Pennsylvania's top oil and gas trade groups have sent a letter to Republican and Democratic leaders in both chambers of the state legislature, urging against the passage of a new severance tax on the industry.
The letter, sent to 11 lawmakers, including Senate Republican President Pro Tempore Joe Scarnati and Republican House Majority Leader Mike Turzai, as well as the leading appropriations committee members in both chambers, comes as lawmakers are said to once again be considering a new severance tax, albeit more strongly as the legislature looks to shore up a $1.5 billion budget deficit before June 30 (see Shale Daily, June 17).
The correspondence was signed by the directors of the Marcellus Shale Coalition, the Pennsylvania Independent Oil and Gas Association and the Associated Petroleum Industries of Pennsylvania. In it, the organizations write that the news media, some state policymakers and candidates for various public offices are naively stepping up their calls for a severance tax to "solve many of the Commonwealth's problems" (see Shale Daily, Jan. 28).
"A severance tax is not the panacea that many think it would be," the letter reads. "The economic reality is that there is a direct correlation between a severance tax, fees and regulatory environment and the investment decisions of our members."
Although a debate about imposing a severance tax on oil and natural gas production has persisted since about 2007, when development started to take hold in the Marcellus Shale, the letter comes after a Tuesday press conference at the capitol building. Republican Gov. Tom Corbett's Budget Secretary Charles Zogby reportedly said the administration was not ruling out a severance tax to help solve the state's budget deficit. The comments were a first for Corbett's administration, which has been staunchly opposed to a new tax on oil and gas production.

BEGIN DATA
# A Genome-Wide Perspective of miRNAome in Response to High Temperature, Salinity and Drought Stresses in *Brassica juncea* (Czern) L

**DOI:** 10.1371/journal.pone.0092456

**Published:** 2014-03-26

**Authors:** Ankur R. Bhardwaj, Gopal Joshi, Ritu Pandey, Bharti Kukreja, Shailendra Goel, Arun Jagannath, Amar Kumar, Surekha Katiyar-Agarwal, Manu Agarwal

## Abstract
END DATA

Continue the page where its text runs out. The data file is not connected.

According to the Center for Energy Economics and Policy, 26 states levy a severance tax on natural gas. Supporters of such a tax in Pennsylvania say the state should be no different, citing growing spending cuts as a reason to no longer ignore the opportunities of rising natural gas production in the state, which exceeded 3.3 Tcf last year (see Shale Daily, Feb. 20).
In their letter, the trade organizations said that concept is misguided. They said "attempts have been made to compare severance taxes across states and simply conclude that the industry can afford it in Pennsylvania.
"For example, the liquid-rich formations in Ohio and West Virginia are more valuable, which means that the return on investment -- even if they have a severance tax -- is greater than the largely dry gas found in Pennsylvania."
No fewer than three severance tax proposals are under consideration in both chambers, each calling for a 4%, 4.9% and 5% tax rate on production. The trade groups said that the $630 million collected in impact fees -- a flat fee implemented in 2012 for all unconventional wells drilled in the state each year -- and the $2.1 billion in other taxes paid by the industry is "fair" and "reasonable" enough.